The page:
It is a special situation. The Eagles have unique talents at running back with LeSean McCoy and Darren Sproles, and they have enviable depth and talent at the position. They also have challenges making it all work, and we'll see how much different the rotation is in 2015 than it was in 2014.
There is only one football on every play, and head coach Chip Kelly is happy to give every player his fair share of touches and keep defenses off balance and score point any way he can. A running game that led the league in 2013 slid to ninth in 2014, largely due to injury and inconsistency along the line of scrimmage than the play in the backfield. Think about it: The Eagles moved the ball up and down the field last season despite having so many players in and out of the lineup on the offensive line and missing starting quarterback Nick Foles for eight games and three quarters of another game.
The possibilities for this scheme and this offense are endless. The Eagles must improve in the red zone, and they've got to curtail the giveaways and we've been through it over and over since September. They have the right X's and O's and they have enough talent to score big and the only thing missing is consistency.
At running back, the Eagles have the talents of McCoy and Sproles leading the way, and if there is one thing that many fans anticipated and didn't see during the season was the combination of the both of them on the field at the same time. It happened some, and Kelly and offensive coordinator Pat Shurmur mixed the personnel grouping into the game plan, but some out there thought the Eagles would employ heavy doses of the duo. Didn't happen. Maybe the lack of dominance up front because of the injuries and the pressure the defenses put on the interior of the line of scrimmage scuttled some of those plans. The coaches sure know why they did what they did.
Moving forward and daydreaming about 2015, it makes sense to wonder if Sproles will be more involved. He caught 40 passes in 2014, his fewest since the 2008 campaign. In the three seasons prior to coming to Philadelphia, Sproles caught 86 passes (2011), 75 passes (2012) and 71 passes (2013) as a member of the New Orleans Saints. Why the drop? Defenses no doubt paid attention to Sproles and either doubled him in coverage or chipped him off the snap of the ball and generally tried to minimize his impact. That opened things up for other players, so in every way Sproles was productive.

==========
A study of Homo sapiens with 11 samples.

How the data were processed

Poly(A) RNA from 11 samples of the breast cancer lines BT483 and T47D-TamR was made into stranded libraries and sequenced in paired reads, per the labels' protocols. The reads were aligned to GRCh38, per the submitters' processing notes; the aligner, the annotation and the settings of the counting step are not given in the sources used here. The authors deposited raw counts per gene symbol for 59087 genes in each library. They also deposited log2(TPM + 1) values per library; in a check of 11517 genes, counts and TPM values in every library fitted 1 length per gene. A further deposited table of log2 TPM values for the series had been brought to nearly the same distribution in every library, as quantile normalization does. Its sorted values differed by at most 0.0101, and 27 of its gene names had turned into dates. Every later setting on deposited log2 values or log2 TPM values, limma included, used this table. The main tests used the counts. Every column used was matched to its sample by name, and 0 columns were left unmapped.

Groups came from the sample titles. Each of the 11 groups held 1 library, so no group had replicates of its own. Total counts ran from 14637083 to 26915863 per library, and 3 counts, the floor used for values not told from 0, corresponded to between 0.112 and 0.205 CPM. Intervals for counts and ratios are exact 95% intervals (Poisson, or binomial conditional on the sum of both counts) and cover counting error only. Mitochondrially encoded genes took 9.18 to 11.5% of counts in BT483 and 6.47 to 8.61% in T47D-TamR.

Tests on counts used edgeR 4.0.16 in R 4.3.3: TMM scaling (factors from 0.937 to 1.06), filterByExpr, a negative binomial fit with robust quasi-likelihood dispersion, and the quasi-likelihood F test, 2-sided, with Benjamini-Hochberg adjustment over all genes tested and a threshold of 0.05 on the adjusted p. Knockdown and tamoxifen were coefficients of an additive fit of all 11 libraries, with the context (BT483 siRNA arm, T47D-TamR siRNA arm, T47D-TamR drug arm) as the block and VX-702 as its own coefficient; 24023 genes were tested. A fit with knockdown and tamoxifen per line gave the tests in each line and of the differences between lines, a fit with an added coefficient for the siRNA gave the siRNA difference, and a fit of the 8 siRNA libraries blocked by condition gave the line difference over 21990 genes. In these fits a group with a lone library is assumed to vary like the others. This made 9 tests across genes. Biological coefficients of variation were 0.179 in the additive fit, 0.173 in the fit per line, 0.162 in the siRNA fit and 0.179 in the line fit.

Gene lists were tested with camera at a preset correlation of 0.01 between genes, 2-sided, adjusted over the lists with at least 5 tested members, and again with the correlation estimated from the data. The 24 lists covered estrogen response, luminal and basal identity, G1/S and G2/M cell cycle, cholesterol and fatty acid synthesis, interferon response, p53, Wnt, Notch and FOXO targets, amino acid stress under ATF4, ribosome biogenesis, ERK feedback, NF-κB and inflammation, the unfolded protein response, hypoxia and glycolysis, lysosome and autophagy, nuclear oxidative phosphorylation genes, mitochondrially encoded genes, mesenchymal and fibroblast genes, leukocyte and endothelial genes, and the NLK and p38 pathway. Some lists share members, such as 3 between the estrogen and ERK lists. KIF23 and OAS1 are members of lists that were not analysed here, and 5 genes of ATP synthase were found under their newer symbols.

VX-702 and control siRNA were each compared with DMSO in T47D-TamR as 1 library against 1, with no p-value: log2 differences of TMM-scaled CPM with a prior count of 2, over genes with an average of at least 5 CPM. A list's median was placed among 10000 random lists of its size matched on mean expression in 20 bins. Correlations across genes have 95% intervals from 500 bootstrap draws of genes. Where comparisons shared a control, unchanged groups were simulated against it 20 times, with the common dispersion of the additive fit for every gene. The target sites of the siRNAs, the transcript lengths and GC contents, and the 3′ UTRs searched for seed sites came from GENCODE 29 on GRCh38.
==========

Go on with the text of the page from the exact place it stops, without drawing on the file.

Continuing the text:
McCoy benefited from Sproles, too. He ran for 1,319 yards and added another 28 catches for 155 yards, and he had 36 fewer touches than in the 2013 season, and McCoy stayed fresh throughout the year. He didn't get to the second level as much as he did a year earlier when McCoy led the NFL in rushing and total yards from scrimmage, but that's more on what happened up front than on his skills. He was just as quick and just as elusive and when there were running lanes, McCoy got through them.
What's going to be worth watching is how the Eagles employ both McCoy and Sproles. Will they try to get them more involved in the passing game? While McCoy's pass receptions went from 52 in 2013 to 28 in 2014, Sproles picked up the slack and the Eagles used their tight ends more and Jeremy Maclin and Riley Cooper both had career highs in pass catches and rookie Jordan Matthews was a revelation in the slot. Do you think the Eagles will displace their running backs just a smidgen more in the offensive formations? Can we expect to see McCoy and Sproles more in motion to create some space in the passing game?
Furthermore, the Eagles are loaded at running back. Chris Polk needs to stay healthy, but you see the talent. He is a power back, a downhill runner and Polk could be a huge piece in the red zone and in short yardage in '15. Does he play a larger role?
Even beyond those three running backs, the Eagles have talent. Matthew Tucker spent the season on the practice squad and will look to push for a place at the 53-man table and some snaps in the season. Kenjon Barner is healthy and showed in his brief preseason play that he can be productive in this offense. Does he make his move in the summer and in the preseason games?
It's a good situation, and it's also tough to fit all of that talent into the offensive structure. That the backs are selfless and complimentary of each other and so close in the running backs room helps a lot. You don't hear anybody complaining about playing time or touches or role in the offense.
This is the time of the year -- and it extends for many weeks to come -- when the coaches look at what worked and what didn't work from 2014 and then project some changes and structure for next season. How do the Eagles make a great running back situation even better in 2015? That's one of the questions to ponder as we see two teams in Super Bowl 49 with similar pictures -- talent galore at running back and varying roles and responsibilities that keep defenses guessing.